How to Care for Your Eczema

There are millions of patients that suffer from eczema every year. In fact, eczema is one of the most common dermatological conditions in the United States. If you have eczema, you are likely very aware of your condition, as it is normally diagnosed very early in life. In fact, many infants develop eczema during their first weeks of life – only to outgrow the disease at an older age.

However, if you are not one of the lucky patients that have outgrown their eczema it is important to learn how to care for your skin and treat your disease at home. Also known as atopic dermatitis, eczema is most commonly characterized by itchy and red scaly lesions that appear on the skin and do not go away easily. Eczema is often triggered by environmental factors such as sun exposure and stress.

In young patients the scaly rash is most likely to appear on the face and the lower limbs. As you age it will begin to appear behind the knees and inside the elbows. In adult patients eczema is most likely to appear on the face and neck as well.

There are many ways to care for your skin condition at home. Water can be one of the best and worst elements for your skin when attempting to heal your eczema. It is very important to pay close attention to how you use water on your skin. A warm bath can be incredibly helpful for calming your skin and hydrating your dry patches. However, if water is allowed to sit on your skin after showering it can actually cause your skin to dry out more than it would otherwise – making your eczema worse.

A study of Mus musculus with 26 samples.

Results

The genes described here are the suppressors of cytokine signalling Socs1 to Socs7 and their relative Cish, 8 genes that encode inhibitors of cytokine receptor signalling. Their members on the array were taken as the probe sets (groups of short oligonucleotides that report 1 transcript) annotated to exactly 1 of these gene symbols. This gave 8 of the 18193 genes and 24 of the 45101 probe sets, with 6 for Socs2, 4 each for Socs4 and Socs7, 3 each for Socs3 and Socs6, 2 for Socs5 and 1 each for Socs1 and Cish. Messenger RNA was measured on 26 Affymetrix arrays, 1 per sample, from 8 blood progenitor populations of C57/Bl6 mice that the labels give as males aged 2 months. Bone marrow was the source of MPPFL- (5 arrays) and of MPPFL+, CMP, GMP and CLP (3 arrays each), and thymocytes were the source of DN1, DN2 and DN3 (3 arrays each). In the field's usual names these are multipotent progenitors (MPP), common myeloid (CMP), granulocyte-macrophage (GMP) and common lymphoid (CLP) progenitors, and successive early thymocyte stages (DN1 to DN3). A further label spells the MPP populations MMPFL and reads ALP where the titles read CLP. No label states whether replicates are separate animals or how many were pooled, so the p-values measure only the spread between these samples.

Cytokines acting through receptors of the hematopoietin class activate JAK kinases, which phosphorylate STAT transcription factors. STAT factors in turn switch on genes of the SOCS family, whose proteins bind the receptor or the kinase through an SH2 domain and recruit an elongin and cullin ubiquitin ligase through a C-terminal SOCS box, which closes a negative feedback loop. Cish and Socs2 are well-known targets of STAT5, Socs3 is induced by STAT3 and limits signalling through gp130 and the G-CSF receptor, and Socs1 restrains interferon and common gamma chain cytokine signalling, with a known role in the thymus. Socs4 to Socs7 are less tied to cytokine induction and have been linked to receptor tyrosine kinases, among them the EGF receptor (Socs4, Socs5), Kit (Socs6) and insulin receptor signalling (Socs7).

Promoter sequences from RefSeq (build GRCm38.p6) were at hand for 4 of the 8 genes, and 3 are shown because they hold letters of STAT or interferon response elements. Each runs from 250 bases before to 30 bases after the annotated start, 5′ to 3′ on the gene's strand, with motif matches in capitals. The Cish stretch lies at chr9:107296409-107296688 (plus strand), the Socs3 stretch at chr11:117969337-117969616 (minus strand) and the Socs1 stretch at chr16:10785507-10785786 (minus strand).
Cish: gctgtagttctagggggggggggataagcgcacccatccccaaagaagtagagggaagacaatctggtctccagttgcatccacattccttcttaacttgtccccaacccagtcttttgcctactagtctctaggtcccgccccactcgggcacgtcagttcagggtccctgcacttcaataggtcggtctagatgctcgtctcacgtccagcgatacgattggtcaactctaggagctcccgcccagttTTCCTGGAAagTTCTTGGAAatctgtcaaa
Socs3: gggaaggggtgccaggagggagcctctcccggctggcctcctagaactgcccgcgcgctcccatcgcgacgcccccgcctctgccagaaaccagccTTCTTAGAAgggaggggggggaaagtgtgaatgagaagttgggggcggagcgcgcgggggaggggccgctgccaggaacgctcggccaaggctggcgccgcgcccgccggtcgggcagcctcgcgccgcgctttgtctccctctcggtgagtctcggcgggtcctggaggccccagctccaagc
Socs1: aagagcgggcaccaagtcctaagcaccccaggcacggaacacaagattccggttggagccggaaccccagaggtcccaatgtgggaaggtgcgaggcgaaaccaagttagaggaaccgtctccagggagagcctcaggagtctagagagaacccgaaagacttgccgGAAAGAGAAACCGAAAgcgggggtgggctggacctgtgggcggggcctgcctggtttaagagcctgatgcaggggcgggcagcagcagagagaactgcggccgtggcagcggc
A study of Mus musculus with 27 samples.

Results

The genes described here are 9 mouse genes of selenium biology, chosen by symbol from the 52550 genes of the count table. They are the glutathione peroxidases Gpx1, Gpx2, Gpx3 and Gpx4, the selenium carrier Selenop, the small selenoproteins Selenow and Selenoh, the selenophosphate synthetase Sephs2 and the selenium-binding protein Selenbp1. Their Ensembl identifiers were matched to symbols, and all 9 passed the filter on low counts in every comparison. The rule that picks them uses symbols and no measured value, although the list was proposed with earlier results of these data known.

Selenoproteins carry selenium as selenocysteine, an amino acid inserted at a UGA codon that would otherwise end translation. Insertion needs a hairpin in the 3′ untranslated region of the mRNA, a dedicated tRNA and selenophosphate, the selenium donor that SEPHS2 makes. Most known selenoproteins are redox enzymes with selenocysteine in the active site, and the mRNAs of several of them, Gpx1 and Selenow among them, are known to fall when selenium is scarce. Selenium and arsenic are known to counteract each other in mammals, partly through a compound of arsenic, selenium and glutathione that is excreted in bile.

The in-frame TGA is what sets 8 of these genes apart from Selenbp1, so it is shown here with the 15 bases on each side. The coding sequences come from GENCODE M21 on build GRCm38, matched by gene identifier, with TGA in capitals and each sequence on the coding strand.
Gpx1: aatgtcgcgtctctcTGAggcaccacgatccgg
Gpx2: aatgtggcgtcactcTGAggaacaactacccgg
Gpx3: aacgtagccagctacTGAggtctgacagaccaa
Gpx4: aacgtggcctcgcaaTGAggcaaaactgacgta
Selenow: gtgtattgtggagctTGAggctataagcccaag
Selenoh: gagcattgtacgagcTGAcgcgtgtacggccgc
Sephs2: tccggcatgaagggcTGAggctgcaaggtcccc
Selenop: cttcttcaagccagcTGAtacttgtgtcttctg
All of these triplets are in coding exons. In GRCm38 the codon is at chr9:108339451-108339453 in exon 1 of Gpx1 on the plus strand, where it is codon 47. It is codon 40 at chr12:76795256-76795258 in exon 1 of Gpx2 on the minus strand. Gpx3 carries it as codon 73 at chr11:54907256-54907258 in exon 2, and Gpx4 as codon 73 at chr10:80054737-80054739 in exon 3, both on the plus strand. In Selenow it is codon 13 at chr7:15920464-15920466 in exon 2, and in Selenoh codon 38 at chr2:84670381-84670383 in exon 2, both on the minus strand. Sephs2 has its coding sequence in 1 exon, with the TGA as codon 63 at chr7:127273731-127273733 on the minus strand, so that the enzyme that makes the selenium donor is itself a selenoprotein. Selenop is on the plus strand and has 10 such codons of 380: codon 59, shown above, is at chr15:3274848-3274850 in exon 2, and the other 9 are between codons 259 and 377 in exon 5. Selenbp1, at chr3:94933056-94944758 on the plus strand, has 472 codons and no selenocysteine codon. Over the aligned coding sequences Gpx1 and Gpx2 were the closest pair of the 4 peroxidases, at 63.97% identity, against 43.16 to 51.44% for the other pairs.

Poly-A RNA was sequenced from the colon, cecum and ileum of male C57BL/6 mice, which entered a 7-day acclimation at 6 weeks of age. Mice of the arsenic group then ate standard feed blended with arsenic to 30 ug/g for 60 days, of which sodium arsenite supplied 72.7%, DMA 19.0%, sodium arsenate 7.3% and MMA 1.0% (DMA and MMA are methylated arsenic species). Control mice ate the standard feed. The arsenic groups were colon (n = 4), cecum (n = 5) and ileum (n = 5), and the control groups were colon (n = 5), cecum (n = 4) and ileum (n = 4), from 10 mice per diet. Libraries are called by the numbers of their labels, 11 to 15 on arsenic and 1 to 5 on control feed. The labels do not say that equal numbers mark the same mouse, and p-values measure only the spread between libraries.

After showering, thoroughly dry your skin with a towel. Do not air dry your skin. Then, trap the water into your skin with an ointment-like moisturizer, not a lotion. Hydrocortisone cream is also safe for use on your eczema and may help relieve any itching that you are experiencing. If hydrocortisone cream is not sufficient, your doctor may consider prescribing a topical steroid to aid in your treatment.

While not a first line therapy, some patients do benefit from exposure to UVB rays in treating their eczema. UVB rays can be otherwise harmful to your skin leading to the development of skin cancers, and therefore this treatment is only to be started under the advice of a physician and in limited doses.

If your eczema seems to be recurring more and more frequently and is disturbing your daily activities, consider visiting Westport Dermatology for a consultation today.